Update on the Voi Unit Orphans

Following the death of Mweiga on the 22nd December, 2007, whose heart failed her as she was returning to the Stockades in the evening, Natumi’s group of orphans never returned to the Stockades for 3 full months

Following the death of Mweiga on the 22nd December, 2007, whose heart failed her as she was returning to the Stockades in the evening, Natumi’s group of orphans never returned to the Stockades for 3 full months.   Mweiga’s unexpected death was witnessed by Burra, whom Natumi’s group had assigned the duty of returning to keep Mweiga company on that particular day, something they diligently did on a daily basis whilst she was alive, ensuring that she was never without elephant companionship.   Burra was distraught when Mweiga suddenly stumbled and died a few minutes later.   He immediately ran to Natumi’s group, who were below Mazinga Hill at the waterhole, and there is no doubt that the sad news was conveyed to them, for they in turn headed straight to Emily’s group, who were further afield.   The two groups then spent time together as one large herd under Emily’s Matriarchal leadership, but after a couple of weeks, Natumi’s group left that of Emily, and disappeared entirely for three months.  This was uncharacteristic for previously they all kept in close contact with Mweiga, meeting her and her escort somewhere out in the bush on an almost daily basis, or else at the noon mudbath and sometimes back at the Stockades in the evening. 

It was interesting to us that it was the young bulls who were usually assigned Mweiga-Sitting duty, taking it turn and turn about, although Mweya and one other sometimes also did a stint.  It is also interesting to observe that when the lions happened to be around the Voi Stockades eyeing Mweiga as they viewed as a vulnerable target, several of the now wild older orphans turned up to surround and protect her, anticipating a problem.  Yet, following her death, not one of them returned to the Stockades for 3 full months, although Emily’s group returned once in the dead of night just to check the Stockades, perhaps needing convincing that Mweiga really had gone forever.

Emily’s group incorporates Aitong, Sweet Sally, Loisaba,Tsavo, Sosian, and Ndara, Sosian recently having swapped over from that of Natumi, but the orphans all regard one another as an extended family, and the composition of the two groups fluctuates from time to time.   For instance, Edie enjoys being leader of a splinter group occasionally, traveling independently of Natumi and her charges, usually accompanied by Lolokwe, Solango, Burra and Mukwaju.   However, using mysterious elephant communication, which we are convinced incorporates telepathy, the orphans are all in touch with one another at all times, something that is proven by the comings and goings of the Ithumba unit, chronicled graphically in every Keepers Diary.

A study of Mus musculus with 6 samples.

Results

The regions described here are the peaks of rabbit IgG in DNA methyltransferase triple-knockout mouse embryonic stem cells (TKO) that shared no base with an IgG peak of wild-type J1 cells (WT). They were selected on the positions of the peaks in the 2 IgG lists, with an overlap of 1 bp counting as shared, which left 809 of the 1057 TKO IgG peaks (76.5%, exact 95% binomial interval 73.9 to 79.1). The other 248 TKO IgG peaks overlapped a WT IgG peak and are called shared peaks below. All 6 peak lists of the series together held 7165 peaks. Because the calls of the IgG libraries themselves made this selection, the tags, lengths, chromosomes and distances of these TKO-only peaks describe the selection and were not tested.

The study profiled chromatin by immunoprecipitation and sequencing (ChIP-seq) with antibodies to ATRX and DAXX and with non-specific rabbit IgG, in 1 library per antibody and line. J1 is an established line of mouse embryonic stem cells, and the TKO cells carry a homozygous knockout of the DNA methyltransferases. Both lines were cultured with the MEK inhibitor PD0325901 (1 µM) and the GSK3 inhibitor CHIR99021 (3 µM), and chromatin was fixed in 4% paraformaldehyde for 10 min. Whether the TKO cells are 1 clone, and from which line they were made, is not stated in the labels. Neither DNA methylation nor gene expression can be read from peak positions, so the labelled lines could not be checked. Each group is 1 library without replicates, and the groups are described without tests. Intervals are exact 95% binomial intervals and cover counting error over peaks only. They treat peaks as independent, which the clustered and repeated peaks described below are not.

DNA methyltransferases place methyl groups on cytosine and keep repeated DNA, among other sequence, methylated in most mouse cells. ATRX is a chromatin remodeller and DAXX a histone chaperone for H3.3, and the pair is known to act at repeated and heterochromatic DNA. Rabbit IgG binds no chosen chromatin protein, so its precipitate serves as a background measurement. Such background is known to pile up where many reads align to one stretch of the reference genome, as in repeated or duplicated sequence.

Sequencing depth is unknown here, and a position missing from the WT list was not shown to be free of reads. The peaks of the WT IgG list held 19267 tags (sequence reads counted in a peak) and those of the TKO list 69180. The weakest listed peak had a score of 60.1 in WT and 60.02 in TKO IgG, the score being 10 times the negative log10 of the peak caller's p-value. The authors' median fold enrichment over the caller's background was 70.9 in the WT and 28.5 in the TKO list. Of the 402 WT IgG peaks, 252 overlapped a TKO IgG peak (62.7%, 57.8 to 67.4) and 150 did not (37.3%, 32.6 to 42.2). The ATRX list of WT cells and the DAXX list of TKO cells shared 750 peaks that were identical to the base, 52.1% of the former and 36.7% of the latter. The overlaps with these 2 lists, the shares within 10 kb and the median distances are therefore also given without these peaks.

Natumi’s group comprises Ilingwezi, Laikipia, Mukwaju, Edie, Icholta, Lolokwe, Nyiro, Mweya, Thoma, Solango, Burra, Seraa, Mpala, Irima, and Morani and it was a great joy for their Keepers to see them all again on the 15th March after 3 long months as perfectly wild elephants, all present and correct, looking happy and well fed.   Likewise the Keepers were greeted with unbridled joy by their erstwhile charges.   Rumbled elephant greeting, and trumpets filled the air, accompanied by urinating which denotes excitement and joy, plus trunks wrapped lovingly around human necks.   The orphans spent about an hour back at their old home base in the company of their erstwhile human family before leaving again to enjoy their now established status amongst the wild elephant community of Tsavo East National Park.  


How true are the words of Dr. Gay Bradshaw who has studied the elephant brain. When elephants and humans are put side-by-side neuro-ethologically, science is hard pressed to come up with much difference.  Instead, science, by force of its own evidence, shows elephants to be sufficiently like ourselves to confer an ethical status other than a depersonalized commodity”.   In this, the 21st Century, it is time that humanity generally accepted this fact, and acknowledged that all animals are sentient beings on earth for the wellbeing and health of the planet as a whole and therefore worthy of human reverence and thoughtful humane treatment.